Universities in France are a sad sight compared to American campuses. This building is the single location of Paris Dauphine, one of the more sought-after ordinary universities in France (i.e. it's not a grande école).
A girl I know from Paris, Laetitia, has been visiting a friend who is an exchange student here. They came for lunch and we ate outside on the terrace, amid the bougainvillea. It was hot, but they refused to let me open the sun umbrella. "On aime bien le soleil!"
They were both blown away by the American campuses. "They're so big and so beautiful!"
I had heard that HEC was a French school that had a pretty, American-style campus, but the girls poured scorn on this idea. "C'est tout petit! You can't compare it to USC, to UCLA... All the American campuses are nicer, even the small universities'."
"What do you think of the other students?" I asked.
"So diverse! They come from all over the world!" said Laetitia's friend. "But I am the youngest one. Most of them have had several years of work experience, but in France we go straight from university to business school."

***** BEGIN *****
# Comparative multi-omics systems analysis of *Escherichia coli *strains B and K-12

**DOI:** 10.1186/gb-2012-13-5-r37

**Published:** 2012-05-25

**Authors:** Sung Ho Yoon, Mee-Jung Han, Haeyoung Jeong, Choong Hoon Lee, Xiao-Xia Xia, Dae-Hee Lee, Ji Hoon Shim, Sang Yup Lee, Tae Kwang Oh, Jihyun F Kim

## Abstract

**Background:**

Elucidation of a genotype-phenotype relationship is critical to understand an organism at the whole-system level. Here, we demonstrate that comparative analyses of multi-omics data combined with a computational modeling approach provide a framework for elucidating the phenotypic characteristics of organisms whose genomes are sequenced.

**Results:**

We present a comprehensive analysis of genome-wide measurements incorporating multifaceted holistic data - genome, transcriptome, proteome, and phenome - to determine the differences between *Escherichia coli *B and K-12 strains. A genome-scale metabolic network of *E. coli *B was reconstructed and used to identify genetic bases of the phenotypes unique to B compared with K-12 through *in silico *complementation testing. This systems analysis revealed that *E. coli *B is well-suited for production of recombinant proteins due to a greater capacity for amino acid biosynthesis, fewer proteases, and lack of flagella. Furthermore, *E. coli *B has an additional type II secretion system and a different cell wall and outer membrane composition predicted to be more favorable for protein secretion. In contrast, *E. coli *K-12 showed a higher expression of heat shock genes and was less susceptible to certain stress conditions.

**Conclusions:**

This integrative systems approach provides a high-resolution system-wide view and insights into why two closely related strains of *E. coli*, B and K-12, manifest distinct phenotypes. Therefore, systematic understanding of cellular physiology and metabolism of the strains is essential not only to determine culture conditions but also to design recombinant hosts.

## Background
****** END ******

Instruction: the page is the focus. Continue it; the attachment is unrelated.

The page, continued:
I recalled the words of an American I met who had been teaching English at HEC. "The kids are all such babies compared to American students," he had said. "They go home to Mommy every weekend."
"I wish I could study here for a year or so," said Laetitia. "Or I could work here."
"You wouldn't get much vacation to enjoy it," I said. "Americans get one or two weeks a year."
"I wouldn't like that," said Laetitia. "I live for my summers in the South of France! But for a year it would be wonderful."